FORT SMITH — The state attorney general declared Arkansas’ system for carrying out executions broken Wednesday and called for a serious public discussion about the practice.
Attorney General Dustin McDaniel said he still supports the death penalty as a policy but that the method of execution is “completely broken.”
“What I want is for us to discontinue treating the lethal injection as the legal fallacy that it is,” McDaniel said during a speech at the Arkansas Sheriffs’ Association summer convention here. “Frankly, I don’t think we are telling jurors the truth when we lead them to believe that they are sentencing someone to death when we really don’t have a viable system with which to execute someone.”
McDaniel said he believes most Arkansans support lethal injection but would consider other methods of execution, such as the electric chair, gas chamber or firing squad, to be “too barbaric for a civilized society.”
Arkansas has 37 inmates on death row, according to the state Department of Correction. The state last executed a death-row inmate in 2005.
McDaniel said Wednesday that seven convicted inmates have exhausted their appeals but still do not have a set execution date.
In May, the attorney general asked Gov. Mike Beebe to set execution dates for the seven when the state Supreme Court lifted stays the court imposed while it considered a lawsuit challenging the state’s method of lethal injection. The high court ultimately declared the method unconstitutional and the Legislature this year adopted a new chemical regimen and new procedures for carrying out the death penalty.
Beebe said in June he would defer setting execution dates after death-row inmates sued to overturn the new execution law and a pharmaceutical company voided its account with the state Department of Correction after learning the state planned to use drugs it had purchased from the company for executions.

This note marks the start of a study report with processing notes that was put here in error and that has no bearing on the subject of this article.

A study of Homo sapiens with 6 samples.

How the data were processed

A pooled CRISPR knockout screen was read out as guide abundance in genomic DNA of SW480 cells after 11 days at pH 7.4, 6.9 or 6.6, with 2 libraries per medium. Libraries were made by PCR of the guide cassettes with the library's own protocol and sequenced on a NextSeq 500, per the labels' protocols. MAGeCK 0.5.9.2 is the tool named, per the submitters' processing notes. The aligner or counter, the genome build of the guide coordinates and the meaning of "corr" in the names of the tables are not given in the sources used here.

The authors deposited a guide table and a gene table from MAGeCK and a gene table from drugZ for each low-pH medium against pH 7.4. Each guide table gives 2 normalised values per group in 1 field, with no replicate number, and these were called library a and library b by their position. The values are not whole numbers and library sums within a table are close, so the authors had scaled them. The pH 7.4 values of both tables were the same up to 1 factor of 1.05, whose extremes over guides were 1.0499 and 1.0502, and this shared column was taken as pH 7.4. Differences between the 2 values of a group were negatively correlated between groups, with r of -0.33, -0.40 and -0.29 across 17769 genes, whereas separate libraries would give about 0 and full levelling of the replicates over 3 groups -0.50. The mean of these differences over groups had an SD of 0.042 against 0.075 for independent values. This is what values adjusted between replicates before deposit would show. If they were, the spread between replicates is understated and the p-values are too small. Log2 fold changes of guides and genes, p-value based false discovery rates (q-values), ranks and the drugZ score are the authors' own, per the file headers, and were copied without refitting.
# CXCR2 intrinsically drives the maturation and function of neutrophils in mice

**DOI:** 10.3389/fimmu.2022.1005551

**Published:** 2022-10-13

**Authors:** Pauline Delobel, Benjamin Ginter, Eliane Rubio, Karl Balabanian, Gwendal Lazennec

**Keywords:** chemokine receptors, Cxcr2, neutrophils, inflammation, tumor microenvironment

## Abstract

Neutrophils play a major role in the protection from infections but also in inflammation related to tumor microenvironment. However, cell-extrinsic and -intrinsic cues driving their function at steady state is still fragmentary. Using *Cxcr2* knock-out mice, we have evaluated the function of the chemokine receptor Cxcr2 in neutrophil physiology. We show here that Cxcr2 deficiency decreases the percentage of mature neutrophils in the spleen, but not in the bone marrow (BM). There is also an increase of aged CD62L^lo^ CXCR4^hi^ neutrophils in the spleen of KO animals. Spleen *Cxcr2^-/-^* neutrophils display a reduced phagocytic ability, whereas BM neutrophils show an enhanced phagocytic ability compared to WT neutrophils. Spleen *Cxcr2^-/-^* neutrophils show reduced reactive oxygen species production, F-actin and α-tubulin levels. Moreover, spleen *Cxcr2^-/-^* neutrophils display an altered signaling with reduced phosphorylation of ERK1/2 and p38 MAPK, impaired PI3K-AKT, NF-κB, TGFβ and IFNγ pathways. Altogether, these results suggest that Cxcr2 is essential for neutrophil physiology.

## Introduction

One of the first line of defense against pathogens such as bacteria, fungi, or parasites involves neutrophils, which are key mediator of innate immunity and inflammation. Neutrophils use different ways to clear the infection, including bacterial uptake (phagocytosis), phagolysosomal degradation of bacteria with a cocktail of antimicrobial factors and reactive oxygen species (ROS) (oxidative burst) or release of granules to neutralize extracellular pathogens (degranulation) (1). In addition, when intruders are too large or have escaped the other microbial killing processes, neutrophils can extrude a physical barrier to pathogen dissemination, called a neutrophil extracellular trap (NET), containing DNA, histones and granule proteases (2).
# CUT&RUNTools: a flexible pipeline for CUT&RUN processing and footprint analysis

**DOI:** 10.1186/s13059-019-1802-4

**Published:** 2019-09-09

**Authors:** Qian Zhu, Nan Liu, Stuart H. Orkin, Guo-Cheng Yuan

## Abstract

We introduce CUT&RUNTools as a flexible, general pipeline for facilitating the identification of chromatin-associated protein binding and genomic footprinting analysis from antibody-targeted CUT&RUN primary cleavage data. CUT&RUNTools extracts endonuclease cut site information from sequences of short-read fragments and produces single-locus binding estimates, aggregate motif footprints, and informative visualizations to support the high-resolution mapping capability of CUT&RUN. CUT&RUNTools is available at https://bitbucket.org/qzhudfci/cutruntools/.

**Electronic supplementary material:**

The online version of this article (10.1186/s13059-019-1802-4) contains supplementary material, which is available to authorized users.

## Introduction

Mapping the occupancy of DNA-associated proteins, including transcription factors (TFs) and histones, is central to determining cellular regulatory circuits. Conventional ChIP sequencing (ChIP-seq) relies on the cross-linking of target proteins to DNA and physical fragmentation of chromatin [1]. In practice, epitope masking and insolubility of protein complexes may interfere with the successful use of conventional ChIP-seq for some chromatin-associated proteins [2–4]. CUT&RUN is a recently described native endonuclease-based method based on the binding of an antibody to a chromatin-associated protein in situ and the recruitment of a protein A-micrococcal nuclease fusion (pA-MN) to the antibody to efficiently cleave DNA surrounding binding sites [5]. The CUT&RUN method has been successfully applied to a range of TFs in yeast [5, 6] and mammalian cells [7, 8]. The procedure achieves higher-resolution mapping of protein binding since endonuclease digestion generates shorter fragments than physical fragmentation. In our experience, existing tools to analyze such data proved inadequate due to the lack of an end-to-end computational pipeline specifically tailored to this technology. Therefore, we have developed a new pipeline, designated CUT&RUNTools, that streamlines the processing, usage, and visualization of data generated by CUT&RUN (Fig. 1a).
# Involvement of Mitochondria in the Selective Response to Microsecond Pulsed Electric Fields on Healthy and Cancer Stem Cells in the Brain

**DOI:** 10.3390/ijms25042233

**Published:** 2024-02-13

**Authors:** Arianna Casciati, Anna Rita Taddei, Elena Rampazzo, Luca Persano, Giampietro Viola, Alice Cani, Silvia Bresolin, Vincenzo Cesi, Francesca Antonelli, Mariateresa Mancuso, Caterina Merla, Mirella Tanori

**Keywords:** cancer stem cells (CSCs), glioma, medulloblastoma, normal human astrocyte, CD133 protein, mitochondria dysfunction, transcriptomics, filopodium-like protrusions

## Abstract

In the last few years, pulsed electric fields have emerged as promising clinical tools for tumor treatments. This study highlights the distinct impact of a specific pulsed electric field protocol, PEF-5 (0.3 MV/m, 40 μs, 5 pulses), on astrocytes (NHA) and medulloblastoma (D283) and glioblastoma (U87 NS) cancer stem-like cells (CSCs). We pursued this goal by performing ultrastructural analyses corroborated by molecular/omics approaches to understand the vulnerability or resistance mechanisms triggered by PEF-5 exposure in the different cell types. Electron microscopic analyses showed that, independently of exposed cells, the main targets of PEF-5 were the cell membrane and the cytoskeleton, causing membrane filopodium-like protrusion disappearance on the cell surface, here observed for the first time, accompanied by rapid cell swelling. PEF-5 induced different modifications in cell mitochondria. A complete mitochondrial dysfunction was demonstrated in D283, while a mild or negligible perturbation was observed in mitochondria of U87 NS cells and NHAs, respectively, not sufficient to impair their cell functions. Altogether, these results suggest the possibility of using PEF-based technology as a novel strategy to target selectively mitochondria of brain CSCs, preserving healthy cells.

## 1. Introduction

McDaniel voiced his frustration Wednesday.
“It’s time for the policy makers of Arkansas to say, ‘Do we continue with a broken system and throwing money and resources at essentially pointless litigation, or do we modify the system?’” he said. “And there’s only really two modifications that I see available — it’s either abolish the death penalty or change the method of execution.”
The problem that state lethal injection presents is that there are no viable execution drugs available for the state to purchase, and even if there were, the American Medical Association says it’s unethical for physicians to take part in ending someone’s life, McDaniel said.
Civil litigation in death-penalty cases is also more burdensome than any other type of appeal. The average convicted inmate in the state spends 15 years on death row, McDaniel said.
The system has evolved, as has McDaniel’s view on the punishment, since he took office in 2007, he said.
“This has evolved nationally in my time as attorney general. The civil litigation has changed both its nature and its effectiveness since I’ve become attorney general; the availability of the drugs has completely changed in my time as attorney general,” McDaniel said. “This was not the state of the law or the facts when I became attorney general.”
Stacy Ryburn writes for the Times Record in Fort Smith.